How To Reclaim A Bad Week

How To Reclaim A Bad Week

It’s been one of those weeks. You know the kind. The perfect storm of awful. One innocent little thing sets the dominos in motion and, suddenly, you can’t stop the cascade failure no matter how hard you try.

On Monday, the grocery store is extra busy, which puts you behind schedule. But it’s no big deal; you can catch up on Tuesday. But then on Tuesday you realize you left your purse in a coffee shop on Sunday. (Yes, I actually did this.) And because your bank cards are inside, you can’t exactly wait to fix the problem later.

For the first couple days, you figure you can fix it. I’ll take the afternoon on Wednesday to get it all sorted out. But then you and your husband ends up exchanging a long string of texts about an unexpectedly hopeful house. And suddenly it’s Thursday evening, you’ve hit a dead end on the house hunt – after rearranging your whole schedule around it, of course – and you’re so behind, you have three days worth of work left to finish in one day.

It’s Easy to Get Overloaded

In a society that values high productivity and constant activity, it’s easy to get overloaded. I’ve written about this before. As I’ve struggled to find a writing and marketing schedule that works for me, it’s become a topic that’s close to my heart. It’s easy to get buried in a list of pending tasks, and hard get back on top of them.

But as time goes on, I’ve learned to manage a lot better than I used to. Certainly I no longer allow a day to go south as soon as the going gets rough. But you reach a point where you simply have to accept that matters are beyond your control. That no amount of determination and focus is going to fix a three-day backlog of your work schedule.

It’s important to learn the signs of burnout, but not just so that you can stave it off. If those symptoms keep cropping up on a daily or weekly basis, that’s probably a good indication you need to make a change that will keep burnout at bay on a more permanent basis.

It’s an unfortunate reality that falling behind on one aspect of workload inevitably spills into a cascade failure, putting us behind in other tasks. Especially when you work for yourself. Getting caught up is a noble goal, but it’s also one of the fastest ways to summon the fires of burnout.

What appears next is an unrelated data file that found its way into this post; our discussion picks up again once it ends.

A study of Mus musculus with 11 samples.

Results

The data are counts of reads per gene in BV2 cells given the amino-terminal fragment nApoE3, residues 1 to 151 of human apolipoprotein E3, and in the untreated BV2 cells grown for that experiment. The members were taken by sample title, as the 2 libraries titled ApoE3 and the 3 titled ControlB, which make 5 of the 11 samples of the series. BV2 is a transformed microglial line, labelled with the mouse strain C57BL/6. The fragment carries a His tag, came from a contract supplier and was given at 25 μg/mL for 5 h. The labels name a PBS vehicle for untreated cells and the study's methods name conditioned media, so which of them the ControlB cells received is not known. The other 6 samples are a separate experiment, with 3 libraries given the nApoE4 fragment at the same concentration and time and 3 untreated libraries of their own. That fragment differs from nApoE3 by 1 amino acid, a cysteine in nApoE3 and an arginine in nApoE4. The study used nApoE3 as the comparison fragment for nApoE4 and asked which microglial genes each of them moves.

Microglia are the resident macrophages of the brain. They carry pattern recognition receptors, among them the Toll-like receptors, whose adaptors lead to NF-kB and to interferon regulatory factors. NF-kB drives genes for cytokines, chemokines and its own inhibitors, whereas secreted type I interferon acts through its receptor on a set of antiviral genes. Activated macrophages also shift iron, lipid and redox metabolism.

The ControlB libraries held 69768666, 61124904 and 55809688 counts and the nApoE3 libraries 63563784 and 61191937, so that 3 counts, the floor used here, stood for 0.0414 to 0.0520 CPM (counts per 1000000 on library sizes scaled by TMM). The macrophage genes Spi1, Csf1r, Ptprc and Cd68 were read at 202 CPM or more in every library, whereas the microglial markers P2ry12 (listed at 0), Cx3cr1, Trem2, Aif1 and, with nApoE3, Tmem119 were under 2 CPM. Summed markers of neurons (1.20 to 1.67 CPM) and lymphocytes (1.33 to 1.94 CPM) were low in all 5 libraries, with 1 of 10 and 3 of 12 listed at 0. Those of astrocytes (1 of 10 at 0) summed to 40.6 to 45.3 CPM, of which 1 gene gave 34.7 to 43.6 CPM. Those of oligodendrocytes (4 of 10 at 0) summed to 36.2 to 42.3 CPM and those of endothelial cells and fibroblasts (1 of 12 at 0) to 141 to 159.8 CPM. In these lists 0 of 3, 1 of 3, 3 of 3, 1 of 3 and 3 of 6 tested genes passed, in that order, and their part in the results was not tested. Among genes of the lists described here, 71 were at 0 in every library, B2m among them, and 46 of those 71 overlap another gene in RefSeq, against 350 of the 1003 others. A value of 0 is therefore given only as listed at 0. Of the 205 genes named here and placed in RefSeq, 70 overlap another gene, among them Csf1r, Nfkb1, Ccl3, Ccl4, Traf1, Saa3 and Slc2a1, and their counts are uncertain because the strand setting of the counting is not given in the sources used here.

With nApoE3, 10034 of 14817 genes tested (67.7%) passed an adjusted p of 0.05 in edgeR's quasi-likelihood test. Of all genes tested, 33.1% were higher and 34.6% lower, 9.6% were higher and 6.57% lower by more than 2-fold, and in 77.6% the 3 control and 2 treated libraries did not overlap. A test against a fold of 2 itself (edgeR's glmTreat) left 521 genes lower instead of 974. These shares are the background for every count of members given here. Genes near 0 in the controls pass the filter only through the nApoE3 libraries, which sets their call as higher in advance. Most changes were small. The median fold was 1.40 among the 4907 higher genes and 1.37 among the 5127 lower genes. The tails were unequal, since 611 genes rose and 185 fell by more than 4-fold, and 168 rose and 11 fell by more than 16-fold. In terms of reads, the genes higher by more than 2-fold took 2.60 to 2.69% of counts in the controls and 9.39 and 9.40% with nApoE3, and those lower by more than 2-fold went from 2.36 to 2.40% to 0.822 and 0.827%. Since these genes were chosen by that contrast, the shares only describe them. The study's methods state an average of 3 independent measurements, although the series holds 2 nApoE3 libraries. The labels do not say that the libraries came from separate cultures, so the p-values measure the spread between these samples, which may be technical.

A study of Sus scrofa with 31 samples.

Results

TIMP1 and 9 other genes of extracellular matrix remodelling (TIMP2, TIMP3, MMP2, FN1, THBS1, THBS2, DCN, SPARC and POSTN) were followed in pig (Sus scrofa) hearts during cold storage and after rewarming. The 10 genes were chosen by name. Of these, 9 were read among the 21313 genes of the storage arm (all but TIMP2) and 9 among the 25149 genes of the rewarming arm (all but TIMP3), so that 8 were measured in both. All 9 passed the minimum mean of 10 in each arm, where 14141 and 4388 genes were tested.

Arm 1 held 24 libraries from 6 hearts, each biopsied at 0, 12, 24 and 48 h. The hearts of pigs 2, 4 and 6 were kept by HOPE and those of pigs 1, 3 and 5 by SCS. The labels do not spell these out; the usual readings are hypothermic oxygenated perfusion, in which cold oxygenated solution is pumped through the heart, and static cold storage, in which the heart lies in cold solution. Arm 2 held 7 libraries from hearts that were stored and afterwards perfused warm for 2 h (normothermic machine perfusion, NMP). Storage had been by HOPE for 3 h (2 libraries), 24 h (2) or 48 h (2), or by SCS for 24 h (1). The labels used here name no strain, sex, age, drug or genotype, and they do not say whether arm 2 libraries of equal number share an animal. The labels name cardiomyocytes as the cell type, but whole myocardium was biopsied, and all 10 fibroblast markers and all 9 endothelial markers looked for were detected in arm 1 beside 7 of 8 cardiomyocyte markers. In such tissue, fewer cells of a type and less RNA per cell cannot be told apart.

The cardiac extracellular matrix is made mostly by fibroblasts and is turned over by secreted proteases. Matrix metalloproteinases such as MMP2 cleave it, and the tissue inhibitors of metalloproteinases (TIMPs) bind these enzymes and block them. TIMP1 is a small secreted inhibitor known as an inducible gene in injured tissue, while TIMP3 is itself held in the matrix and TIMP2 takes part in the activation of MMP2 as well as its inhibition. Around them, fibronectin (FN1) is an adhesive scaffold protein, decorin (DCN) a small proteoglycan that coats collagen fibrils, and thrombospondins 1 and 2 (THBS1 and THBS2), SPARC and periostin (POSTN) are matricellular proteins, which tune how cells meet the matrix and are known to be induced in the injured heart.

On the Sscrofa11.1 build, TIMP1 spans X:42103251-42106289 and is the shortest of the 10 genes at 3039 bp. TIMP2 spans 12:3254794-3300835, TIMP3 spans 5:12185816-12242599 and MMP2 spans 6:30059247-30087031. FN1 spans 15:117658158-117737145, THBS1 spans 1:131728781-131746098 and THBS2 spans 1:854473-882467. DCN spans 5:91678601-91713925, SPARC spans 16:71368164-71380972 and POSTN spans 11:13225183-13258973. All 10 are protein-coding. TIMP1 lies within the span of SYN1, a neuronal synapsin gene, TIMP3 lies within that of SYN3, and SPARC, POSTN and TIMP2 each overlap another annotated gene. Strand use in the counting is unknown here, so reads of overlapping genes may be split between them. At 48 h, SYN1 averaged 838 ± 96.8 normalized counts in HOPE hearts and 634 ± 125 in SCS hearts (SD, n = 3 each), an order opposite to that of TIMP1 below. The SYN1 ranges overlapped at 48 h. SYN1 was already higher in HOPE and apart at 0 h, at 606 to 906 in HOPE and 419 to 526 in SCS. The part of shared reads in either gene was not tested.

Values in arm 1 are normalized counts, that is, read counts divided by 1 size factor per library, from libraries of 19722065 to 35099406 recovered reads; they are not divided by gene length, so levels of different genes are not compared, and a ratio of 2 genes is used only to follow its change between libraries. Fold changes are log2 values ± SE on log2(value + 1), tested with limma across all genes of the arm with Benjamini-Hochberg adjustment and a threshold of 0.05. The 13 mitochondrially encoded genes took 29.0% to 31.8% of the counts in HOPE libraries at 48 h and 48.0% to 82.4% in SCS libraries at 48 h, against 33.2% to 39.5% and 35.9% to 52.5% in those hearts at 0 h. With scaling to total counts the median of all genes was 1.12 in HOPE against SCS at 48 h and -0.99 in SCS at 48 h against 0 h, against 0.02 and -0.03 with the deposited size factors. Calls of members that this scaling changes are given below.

How to Turn A Bad Week Around

Step 1: Don’t Panic
If you get upset or flustered, you’re just going to get turned in circles and put yourself further behind. Resist the urge to throw everything out the window at the first sign of trouble. You’re strong. You’ve got this.

Step 2: Compensate
Look for the flexibility in your schedule and slide a few tasks around. This is easier for small tasks, and more difficult for larger or time-sensitive ones. But a few minutes to think about it usually reveals an opening, especially when it’s the first thing to crop up.

Step 3: Take a Break
Actually, you should insert this step anywhere in the process you need to, but I usually have to walk away around the third thing that goes wrong, or the second time I reschedule something. If you’re getting frustrated, it’s always a good idea to get some distance and a few deep breaths. Make a cup of tea, read a chapter of a good book, have a night to relax, then dig back in.

Step 4: Prioritize
I have a bad habit of treating everything as equally important until something forces me to stop and re-evaluate. Tiny little tasks that have piled up can probably be broken back up into tiny little tasks and left until next week. After all, anything that takes 5 minutes that’s truly important will get done along the way. Focus on the things that really can’t wait, either because there’s a deadline looming or because missing them will continue to throw you off balance in the future. Everything else can wait; remembering that is a good way to relieve some of the stress and pressure.

What if You’re too far Behind?

So what do you when you reach the point of no return? The one at which no amount of careful planning or deep breathing is going to put your schedule back on track?

Step 5: Accept the Delay and Move On
Sometimes you have to do it. You can’t wake up every day for a month and label yourself behind. Carrying that kind of deficit makes it difficult to accomplish anything. Worse, you’ll dismiss the things you do accomplish because they’ll never be enough to compensate for the deficit.

Find a deadline you can move and re-adjust your schedule so that you’re on time again.

Forgive yourself for being human and not always being able to do as much work in a day as you think you should be able to do. Often, we think we can do much more than we can anyway.

But most of all, remember that you can’t control everything. Every day we encounter situations that are beyond our ability to prevent. We might believe we should be able to manage them quickly, but that doesn’t mean we can. We might believe they shouldn’t have an overall effect on our productivity, but that doesn’t mean we can easily set them aside.

If you’ve done the best you can, no one can be upset with you for how things worked out. The best is all anyone can ever give. And if you beat yourself up over your best, you’ll make it harder to uphold a high quality of work moving forward.

When all else fails, treat yourself to something that will wash the stress away. For me, that’s a nice dinner, a sweet dessert, and a rousing game of the space empire builder Stellaris. For you, it might be a fresh bottle of wine; whatever works!

4 Replies to “How To Reclaim A Bad Week”

    1. Aww thank you :) It’s the kind of stuff I wish I had known a few years ago, so I’m happy to pass on what I’ve learned!